Frank Blau, senior admissions counselor and U of M alumnus, shares why he chose to attend the U of M.
It's not too late to celebrate Martin Luther King, Jr. Day! While the holiday may have already passed, you can still celebrate his amazing contributions by attending Tapestry of Dreams: 30th Anniversary of the MLK Jr. Concert on Sunday, January 23. The event is sponsored by the School of Music and the Office for Equity and Diversity will feature artists 4Given, The Steels, and The Langston Hughes Project: Jazz Moods for Dreamers. The concert is free and open to the public.
The University offers thousands of fascinating courses. With all of the choices, it can be hard to choose--especially when registering for your first semester. Fortunately, you will have the guidance of an excellent academic advisor every step of the way. Here's one tip from me: You shouldn't miss out on is a freshman seminar!
Freshman seminars are unique courses that are taught by some of our most distinguished faculty members. From Nobel Prize winners to award-winning authors, our faculty really enjoy the opportunity to be able to work with new students in a close-knit classroom environment. Freshman seminars provide students with an opportunity to get connected with a professor and their classmates while studying a interesting, interdisciplinary subject. With over a 100 seminars taught each year, freshman seminars cover a vast array of topics. And, over half the courses are taught by CLA faculty. Here are just a handful of examples:
Humanities 1905: Utopias and Anti-Utopias
This seminar explores a variety of visions of an ideal society (utopia) and its opposite (anti-utopia) in the writings of philosophers, novelists, psychologists, and social and cultural critics through the ages, from Plato to Orwell, to feminist perspectives. Of central concern in this seminar is the degree of actual or potential correspondence of these visions to the real world of individual and social existence.
Music 1905: Bob Dylan
This seminar is an examination of the contribution of Bob Dylan, one of the world's greatest artists, mostly to music, but also to literature, film, and the visual arts.
English 1910W: Our Monsters, Ourselves
We all grow up with "monsters". They can be campy and kitsch, or objects of true fear and loathing. But what is monstrosity? What do "our" monsters reveal about us, as individuals and as a culture? How do they embody our conflicts, ambivalence and denial about our desires and our identity?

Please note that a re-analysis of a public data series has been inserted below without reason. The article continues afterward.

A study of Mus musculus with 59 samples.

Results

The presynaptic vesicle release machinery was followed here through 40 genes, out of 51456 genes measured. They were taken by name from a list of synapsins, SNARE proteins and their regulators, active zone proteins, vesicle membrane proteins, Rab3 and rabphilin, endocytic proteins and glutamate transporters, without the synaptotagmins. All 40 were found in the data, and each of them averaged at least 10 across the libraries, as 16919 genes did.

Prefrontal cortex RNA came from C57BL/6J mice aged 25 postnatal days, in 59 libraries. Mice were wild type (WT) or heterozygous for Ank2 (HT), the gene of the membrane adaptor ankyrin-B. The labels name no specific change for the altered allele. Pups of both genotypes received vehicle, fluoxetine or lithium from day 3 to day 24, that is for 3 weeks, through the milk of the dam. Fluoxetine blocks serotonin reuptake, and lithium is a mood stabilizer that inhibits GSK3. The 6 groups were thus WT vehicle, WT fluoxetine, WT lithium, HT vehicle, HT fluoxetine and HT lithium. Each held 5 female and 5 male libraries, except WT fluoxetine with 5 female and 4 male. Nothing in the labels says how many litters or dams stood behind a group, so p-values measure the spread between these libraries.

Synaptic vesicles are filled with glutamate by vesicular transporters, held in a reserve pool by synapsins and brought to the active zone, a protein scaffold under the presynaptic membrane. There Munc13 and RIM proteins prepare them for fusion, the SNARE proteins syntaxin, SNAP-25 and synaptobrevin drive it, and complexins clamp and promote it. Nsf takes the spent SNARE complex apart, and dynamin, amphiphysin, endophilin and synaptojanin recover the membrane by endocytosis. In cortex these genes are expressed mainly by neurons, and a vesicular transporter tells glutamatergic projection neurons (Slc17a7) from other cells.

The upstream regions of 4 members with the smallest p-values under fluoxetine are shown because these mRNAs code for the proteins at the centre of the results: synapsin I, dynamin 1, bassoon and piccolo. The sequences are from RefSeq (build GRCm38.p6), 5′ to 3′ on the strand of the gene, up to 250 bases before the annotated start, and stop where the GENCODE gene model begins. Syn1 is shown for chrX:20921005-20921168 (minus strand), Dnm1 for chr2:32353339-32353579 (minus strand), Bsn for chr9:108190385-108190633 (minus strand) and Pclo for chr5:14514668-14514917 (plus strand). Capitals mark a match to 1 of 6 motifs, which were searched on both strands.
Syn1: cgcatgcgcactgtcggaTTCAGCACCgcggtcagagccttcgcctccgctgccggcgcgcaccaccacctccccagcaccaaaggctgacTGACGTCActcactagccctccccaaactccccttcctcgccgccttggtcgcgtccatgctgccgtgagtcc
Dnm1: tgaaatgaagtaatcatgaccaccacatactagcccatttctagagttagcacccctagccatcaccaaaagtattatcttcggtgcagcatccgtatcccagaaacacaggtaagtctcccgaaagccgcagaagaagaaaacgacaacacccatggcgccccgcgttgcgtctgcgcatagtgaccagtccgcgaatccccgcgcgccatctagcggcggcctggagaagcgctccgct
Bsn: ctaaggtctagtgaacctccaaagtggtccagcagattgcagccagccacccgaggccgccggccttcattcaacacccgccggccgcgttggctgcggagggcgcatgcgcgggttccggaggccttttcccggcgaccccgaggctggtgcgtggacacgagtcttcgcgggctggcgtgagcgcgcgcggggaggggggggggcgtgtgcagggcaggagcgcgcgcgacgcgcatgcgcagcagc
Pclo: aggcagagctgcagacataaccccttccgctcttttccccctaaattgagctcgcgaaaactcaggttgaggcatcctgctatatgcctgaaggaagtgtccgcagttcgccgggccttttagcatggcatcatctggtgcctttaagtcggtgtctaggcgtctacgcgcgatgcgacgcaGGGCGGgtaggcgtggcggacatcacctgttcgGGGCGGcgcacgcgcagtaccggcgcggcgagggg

Psychology 1905: What is the Human Mind?
One of the most intriguing aspects of the universe is that you can think, that minds operate as entities apparently crucially tied to physical brains but are also importantly different. In this seminar, students examine conceptions of the human mind from psychological, philosophical, and neuroscientific perspectives.
Psychology 1905: The Cultural Psychology of Storytelling
In this seminar, students explore the form and content of the stories that people tell about their lives, and how these culturally-grounded stories are indicative of the psychologies of the individuals, groups, and societies who produce them.
For more information about freshman seminars take a look at our Orientation and First Year Services website!
Hello! My name is Danielle Williams, and I am an admissions counselor for the College of Education and Human Development (CEHD) at the University of Minnesota- Twin Cities.
I was born and raised in Milwaukee, Wisconsin. During my junior and senior year of high school, I began considering the University of Minnesota as a college option. The U of M stood out to me because of its gorgeous campus (in a metropolitan area like I was used to at home) and reciprocity agreement with Wisconsin, which meant I would qualify for resident tuition.
I enrolled at the University as an accounting major. As time passed, however, I found the College of Education and Human Development (CEHD) and their Human Resource Development (HRD) program was the perfect fit for me.
After graduation, I decided to stay in Minneapolis and begin my career search here. After two years of employment with Wells Fargo, I accepted my postion as an admissions counselor and returned to campus to work in the Office of Admissions. I love that I get to work closely with students and their families as they explore my alma mater.
I'm so excited to share my U of M experiences with you, and to showcase what life is like on our campus. If you're interested in the College of Education and Human Development, I'd love to hear form you! You can find my contact information by clicking the "My bio" link under my name.
Each summer, College of Biological Sciences (CBS) freshman travel to the headwaters of the Mississppi River in northern Minnesota to participate in a unique pre-college experience called Nature of Life. During this 3-day retreat, CBS first-year students are able to spend time with current CBS students, faculty, and staff, while learning about their college and University at the Itasca Biological Station and Laboratories.
Photo of Nature of Life Peer Mentors, Summer 2010
I will be honest, after attending Nature of Life during my first year, I could not wait to have the opportunity to do it again. As a CBS student you can actually participate in Nature of Life throughout your college career. You can return to Itasca as a peer mentor!
As a peer mentor, students develop close friendships, build their leadership skills, teach and mentor incoming students, and connect with CBS faculty and staff. If you attend Nature of Life and have as much fun as I did, you may be interested in becoming a peer mentor. You can apply for the program during your first year on campus!
To learn more about the Nature of Life program, click here.